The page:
REVIEW: ‘Catwoman,’ Issue #34

Reading Time: 2 minutes

Catwoman #34

Catwoman #34 is published by DC Comics, written by Ram V, with art by Fernando Blanco, colors by Jordie Bellaire, and letters by Tom Napolitano. Having been pulled from her potential watery grave by the timely arrival of Batman, Selina takes a moment of comfort in her love’s arms before once more leaping into the fire that Alleytown has become.

This book’s opening delivers a level of tenderness that contrasts so much to both the events that preceded it, as well as the rest of the book that follows it, that it cannot help but leave a striking impression on the reader. The mix of sweet, playful, and loving compassion that moves between the pair is delivered by writer Ram V with just enough force to make it leave the desired impression without crossing into the realm of outright sappiness. But while this opening is a beautiful reprieve for our feline hero, Catwoman #34 has work for Selina to do. After all, the Queen of Alleytown’s realm is on fire.

Once Bruce and Selina’s fleeting moment of calm comes to an end, the issue splits its time between Selina as she heads off to confront Father Valley and Detective Hadley’s ongoing investigation into why the church was burned down. The two plot lines are interwoven at a good pace, as they interchange just where they need to to keep the tension carrying over between the dual stories. Not only are these two stories used wonderfully to balance out the narrative, but they are also brought together interestingly, in a way that both surprised me, as well as delivered a stunning ending to the issue.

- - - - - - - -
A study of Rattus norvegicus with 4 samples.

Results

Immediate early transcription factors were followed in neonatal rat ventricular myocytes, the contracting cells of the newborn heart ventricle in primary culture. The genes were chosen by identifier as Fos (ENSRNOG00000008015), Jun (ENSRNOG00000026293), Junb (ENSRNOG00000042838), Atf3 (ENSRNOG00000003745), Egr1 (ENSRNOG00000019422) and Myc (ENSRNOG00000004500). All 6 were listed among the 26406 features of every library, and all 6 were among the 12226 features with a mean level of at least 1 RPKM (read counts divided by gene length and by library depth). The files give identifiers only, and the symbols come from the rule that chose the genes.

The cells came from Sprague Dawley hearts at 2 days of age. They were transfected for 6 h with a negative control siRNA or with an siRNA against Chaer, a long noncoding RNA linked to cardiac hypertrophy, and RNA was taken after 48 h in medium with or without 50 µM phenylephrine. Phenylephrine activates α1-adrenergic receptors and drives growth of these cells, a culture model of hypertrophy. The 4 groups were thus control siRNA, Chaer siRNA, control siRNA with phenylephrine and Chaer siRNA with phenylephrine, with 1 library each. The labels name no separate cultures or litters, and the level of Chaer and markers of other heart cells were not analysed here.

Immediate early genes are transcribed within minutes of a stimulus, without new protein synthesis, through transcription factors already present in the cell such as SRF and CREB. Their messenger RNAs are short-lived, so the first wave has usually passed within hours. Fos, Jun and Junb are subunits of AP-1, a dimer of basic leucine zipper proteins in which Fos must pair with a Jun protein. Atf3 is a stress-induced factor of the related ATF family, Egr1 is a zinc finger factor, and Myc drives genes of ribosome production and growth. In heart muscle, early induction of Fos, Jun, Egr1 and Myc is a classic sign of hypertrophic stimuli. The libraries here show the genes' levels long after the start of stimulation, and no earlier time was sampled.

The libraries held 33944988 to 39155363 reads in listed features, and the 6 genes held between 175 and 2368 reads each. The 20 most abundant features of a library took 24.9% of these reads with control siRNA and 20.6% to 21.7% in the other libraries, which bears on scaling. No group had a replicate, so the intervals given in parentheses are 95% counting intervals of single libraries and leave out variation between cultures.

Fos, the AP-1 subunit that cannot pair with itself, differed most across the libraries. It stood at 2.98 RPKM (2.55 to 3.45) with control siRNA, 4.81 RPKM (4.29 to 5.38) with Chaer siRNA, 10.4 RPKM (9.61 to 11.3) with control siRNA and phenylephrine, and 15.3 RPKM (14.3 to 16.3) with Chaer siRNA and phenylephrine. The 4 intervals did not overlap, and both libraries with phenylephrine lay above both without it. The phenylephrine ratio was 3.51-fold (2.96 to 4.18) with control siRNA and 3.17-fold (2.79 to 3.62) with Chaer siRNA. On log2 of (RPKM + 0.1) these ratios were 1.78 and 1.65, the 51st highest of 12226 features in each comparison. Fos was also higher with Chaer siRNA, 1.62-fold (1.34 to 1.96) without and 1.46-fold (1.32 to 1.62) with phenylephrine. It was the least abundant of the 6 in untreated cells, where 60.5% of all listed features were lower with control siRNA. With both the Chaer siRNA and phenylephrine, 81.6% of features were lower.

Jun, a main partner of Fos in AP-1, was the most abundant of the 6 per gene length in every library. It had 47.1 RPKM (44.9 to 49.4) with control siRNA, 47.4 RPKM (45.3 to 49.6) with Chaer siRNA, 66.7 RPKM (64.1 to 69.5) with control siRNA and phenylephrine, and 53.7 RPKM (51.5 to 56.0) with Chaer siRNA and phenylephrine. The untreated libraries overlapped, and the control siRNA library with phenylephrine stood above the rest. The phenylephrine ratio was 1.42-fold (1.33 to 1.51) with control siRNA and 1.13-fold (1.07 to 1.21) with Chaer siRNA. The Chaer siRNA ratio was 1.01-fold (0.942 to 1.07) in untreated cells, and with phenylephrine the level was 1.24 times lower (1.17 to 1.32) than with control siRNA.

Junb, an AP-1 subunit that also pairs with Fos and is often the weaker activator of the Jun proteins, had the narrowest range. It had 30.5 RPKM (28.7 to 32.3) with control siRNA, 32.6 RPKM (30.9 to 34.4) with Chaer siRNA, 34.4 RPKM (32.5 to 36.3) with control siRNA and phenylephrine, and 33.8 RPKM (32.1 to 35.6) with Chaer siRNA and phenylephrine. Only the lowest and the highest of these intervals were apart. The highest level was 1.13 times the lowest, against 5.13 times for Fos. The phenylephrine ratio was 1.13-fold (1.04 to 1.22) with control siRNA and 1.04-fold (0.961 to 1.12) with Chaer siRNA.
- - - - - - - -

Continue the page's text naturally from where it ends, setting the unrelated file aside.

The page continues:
But while both sides of Catwoman #34‘s main story are brought to the reader with skill, it is Ram V’s portrayal of Father Valley that steals the show. The permanent sinister aura the writing wraps the character in allows him to hold his presence well when pitted against the force the series has established Selina as.

The book’s art keeps up with the story’s shifting tones well, as artist Blanco shows off the full range of talents at their disposal. From the tenderness of Bruce and Selina to the viciousness of Valley and Catwoman, Blanco brings all of these moments to life in a way that keeps everything impactful and important. Plus, this issue also sees the return of a figurative representation of Selina that was one of the things that originally caught my eyes about this book, and it was a wonderful surprise to see it return here.

Just as Blanco’s lines bring Catwoman #34‘s story to life, this is aided greatly by another fantastic performance on colors by Bellaire. The colorist’s mastery of utilizing color to enhance and deliver emotion is on full display throughout the many moments of this story.

Wrapping up our look at the book’s presentation is Napolitano’s letters. The letterer manages to bring the story into the art in a seamless way and often complements the visuals it is integrated into.

So to sum it up, Catwoman #34 delivers another fantastic issue that delivers emotion, action, and a surprising ending. I look forward to what next month’s tale will bring.

Catwoman #34 is available now wherever comics are sold.


Catwoman #34
5

TL;DR

So to sum it up, Catwoman #34 delivers another fantastic issue that delivers emotion, action, and a surprising ending. I look forward to what next month’s tale will bring.